Passenger vehicles share the roadways with millions of big rigs. According to the U.S. Department of Transportation (USDOT) there are more than 130 million commercial trucks in use nationwide. California and Texas have the most trucks with a combined total of about 25 million. Millions of trucks can make driving on our roads more dangerous. Trucks are required to follow federal and state regulations. However, there are some differences in the rules when drivers are not on duty.
What is Personal Conveyance?
Personal conveyance (PC) is the personal use of a commercial motor vehicle. This is the time spent driving by truck drivers when they are not actually on the clock. Drivers are allowed to drive big rigs for personal conveyance as long as they follow the rules set forth by the Federal Motor Carrier Safety Administration (FMCSA). Carriers are not required to allow their drivers to use the trucks for personal conveyance; however, if they do, they must enforce the rules.
There are some appropriate uses of a truck for personal conveyance which include:
- Traveling between the driver’s home and work locations
- Driving from overnight lodging to a restaurant
- Driving to a safe location for a rest stop for off-duty periods required by law
- Moving a truck for a safety official
- Traveling in a motorcoach without passengers while off duty
- Transporting personal property while not on duty
There may be additional uses that are appropriate. In addition, there are some personal uses that do not qualify as personal conveyance. For instance, the driver cannot count the time as PC when driving to a location for rest after he or she has already exceeded the maximum driving period under the law.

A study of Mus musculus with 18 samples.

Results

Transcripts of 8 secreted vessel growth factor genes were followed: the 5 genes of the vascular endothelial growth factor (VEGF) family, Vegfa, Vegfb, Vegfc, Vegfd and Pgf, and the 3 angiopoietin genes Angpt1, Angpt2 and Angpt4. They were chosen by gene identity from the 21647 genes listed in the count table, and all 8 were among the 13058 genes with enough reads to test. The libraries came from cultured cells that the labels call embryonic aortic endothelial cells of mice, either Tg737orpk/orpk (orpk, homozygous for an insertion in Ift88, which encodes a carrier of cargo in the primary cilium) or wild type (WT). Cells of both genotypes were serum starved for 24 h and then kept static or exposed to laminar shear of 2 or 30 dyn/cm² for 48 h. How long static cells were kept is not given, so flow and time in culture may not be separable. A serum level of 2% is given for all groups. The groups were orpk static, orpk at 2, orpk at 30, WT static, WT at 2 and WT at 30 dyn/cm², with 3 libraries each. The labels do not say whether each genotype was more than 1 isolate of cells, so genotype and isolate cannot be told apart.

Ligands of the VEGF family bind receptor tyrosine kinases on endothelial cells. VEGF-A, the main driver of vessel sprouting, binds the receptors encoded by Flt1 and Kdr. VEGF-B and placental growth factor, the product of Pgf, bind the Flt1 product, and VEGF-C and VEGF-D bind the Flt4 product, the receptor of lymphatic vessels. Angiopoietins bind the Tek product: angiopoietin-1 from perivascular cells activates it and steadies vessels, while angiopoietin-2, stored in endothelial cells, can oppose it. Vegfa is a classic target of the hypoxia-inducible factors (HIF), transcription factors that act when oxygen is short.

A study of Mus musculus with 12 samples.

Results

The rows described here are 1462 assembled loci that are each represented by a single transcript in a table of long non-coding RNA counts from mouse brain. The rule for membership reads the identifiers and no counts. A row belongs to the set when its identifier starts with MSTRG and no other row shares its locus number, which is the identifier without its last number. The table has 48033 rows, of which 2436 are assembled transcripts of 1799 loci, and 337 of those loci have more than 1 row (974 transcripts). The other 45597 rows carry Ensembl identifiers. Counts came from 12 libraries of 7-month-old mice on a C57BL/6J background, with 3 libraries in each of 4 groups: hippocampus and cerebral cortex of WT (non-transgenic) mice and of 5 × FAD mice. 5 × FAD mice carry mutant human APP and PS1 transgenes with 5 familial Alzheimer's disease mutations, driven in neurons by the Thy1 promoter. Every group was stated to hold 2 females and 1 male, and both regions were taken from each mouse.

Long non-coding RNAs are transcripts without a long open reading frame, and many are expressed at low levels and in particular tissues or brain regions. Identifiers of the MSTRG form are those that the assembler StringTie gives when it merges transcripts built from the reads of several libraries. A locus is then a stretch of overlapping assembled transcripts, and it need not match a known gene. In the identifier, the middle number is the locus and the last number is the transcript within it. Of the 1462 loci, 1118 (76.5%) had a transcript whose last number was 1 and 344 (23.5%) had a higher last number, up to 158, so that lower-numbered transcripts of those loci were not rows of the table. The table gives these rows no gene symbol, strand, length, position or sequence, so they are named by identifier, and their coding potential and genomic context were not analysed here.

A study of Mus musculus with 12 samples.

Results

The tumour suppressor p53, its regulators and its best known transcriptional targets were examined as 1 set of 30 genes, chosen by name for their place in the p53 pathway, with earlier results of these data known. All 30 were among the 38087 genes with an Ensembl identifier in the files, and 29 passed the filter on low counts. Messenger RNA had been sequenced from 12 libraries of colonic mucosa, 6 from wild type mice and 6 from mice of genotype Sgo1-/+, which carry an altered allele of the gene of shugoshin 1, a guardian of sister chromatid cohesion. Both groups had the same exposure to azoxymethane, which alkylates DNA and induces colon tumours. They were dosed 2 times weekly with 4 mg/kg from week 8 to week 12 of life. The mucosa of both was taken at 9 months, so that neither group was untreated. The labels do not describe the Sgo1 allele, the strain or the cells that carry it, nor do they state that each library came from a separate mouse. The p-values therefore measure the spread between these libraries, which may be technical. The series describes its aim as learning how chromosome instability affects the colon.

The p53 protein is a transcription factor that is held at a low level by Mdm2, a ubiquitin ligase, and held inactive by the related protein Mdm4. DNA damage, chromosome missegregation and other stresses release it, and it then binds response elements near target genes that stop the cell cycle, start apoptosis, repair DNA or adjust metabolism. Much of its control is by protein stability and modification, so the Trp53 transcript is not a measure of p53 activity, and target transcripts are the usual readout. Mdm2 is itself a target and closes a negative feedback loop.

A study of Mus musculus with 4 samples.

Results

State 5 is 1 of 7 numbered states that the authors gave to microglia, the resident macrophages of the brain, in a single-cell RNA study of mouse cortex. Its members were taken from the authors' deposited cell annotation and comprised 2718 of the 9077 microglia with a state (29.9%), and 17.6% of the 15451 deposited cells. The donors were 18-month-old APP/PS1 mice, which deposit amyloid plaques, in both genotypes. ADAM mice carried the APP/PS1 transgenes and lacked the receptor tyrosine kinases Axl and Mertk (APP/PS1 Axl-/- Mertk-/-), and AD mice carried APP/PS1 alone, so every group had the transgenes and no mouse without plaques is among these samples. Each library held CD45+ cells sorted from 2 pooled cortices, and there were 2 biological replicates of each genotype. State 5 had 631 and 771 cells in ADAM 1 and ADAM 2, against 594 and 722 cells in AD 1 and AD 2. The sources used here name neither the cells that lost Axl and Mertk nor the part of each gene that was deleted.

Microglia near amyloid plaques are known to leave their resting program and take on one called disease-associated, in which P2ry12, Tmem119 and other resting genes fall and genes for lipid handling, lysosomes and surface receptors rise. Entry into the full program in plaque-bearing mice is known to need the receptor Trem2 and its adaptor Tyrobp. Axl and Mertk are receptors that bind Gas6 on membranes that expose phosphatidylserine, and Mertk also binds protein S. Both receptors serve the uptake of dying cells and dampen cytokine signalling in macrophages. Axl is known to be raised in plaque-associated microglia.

What are the Important Personal Conveyance Enforcement Considerations?
The interpretation of Hours of Service (HOS) is complex and sometimes confusing. The driver must always follow the law and therefore may not be allowed to use the truck for PC at certain periods of time based on his or her use.
At the heart of PC time are the two basic questions as to whether driving the truck was for personal benefit alone and whether the driver was relieved of all work responsibility and able to participate in personal activities. When a truck driver is driving under personal conveyance, the issues of liability and authorization are important.
The company is ultimately responsible for determining PC and for authorizing a vehicle for PC use. Generally, the company must determine insurance policy coverage issues and give drivers detailed instructions so that they understand how they are allowed to use the truck for personal conveyance.
Time the driver spends driving for PC counts toward their break time under the law. Drivers must have a 10-hour break or a 34-hour restart in order to obtain restorative rest. If the PC time significantly reduces this rest time, the driver may actually be driving while fatigued.
Importantly, the law allows drivers to drive during their rest time but prohibits PC driving while fatigued or when sick. This leaves the PC time to interpretation should an accident occur.
CDL drivers are required to log their driving time electronically under the Electronic Logging Device mandate. The ELD logs the status of drivers and provides documentation of the hours of service that are recorded by each driver. Carriers are not required to provide a special category for drivers to record personal use time, although some do.
The law is extremely complicated regarding the use of trucks for personal conveyance. If you were injured in an accident with a big rig, it is important to seek guidance from an experienced truck accident attorney. The records of the truck driver and company must be obtained to determine whether the driver was operating the vehicle safely and in accordance with the law.
Contact our Houston truck accident law firm to discuss the details of your case today. Call (281) 893-0760!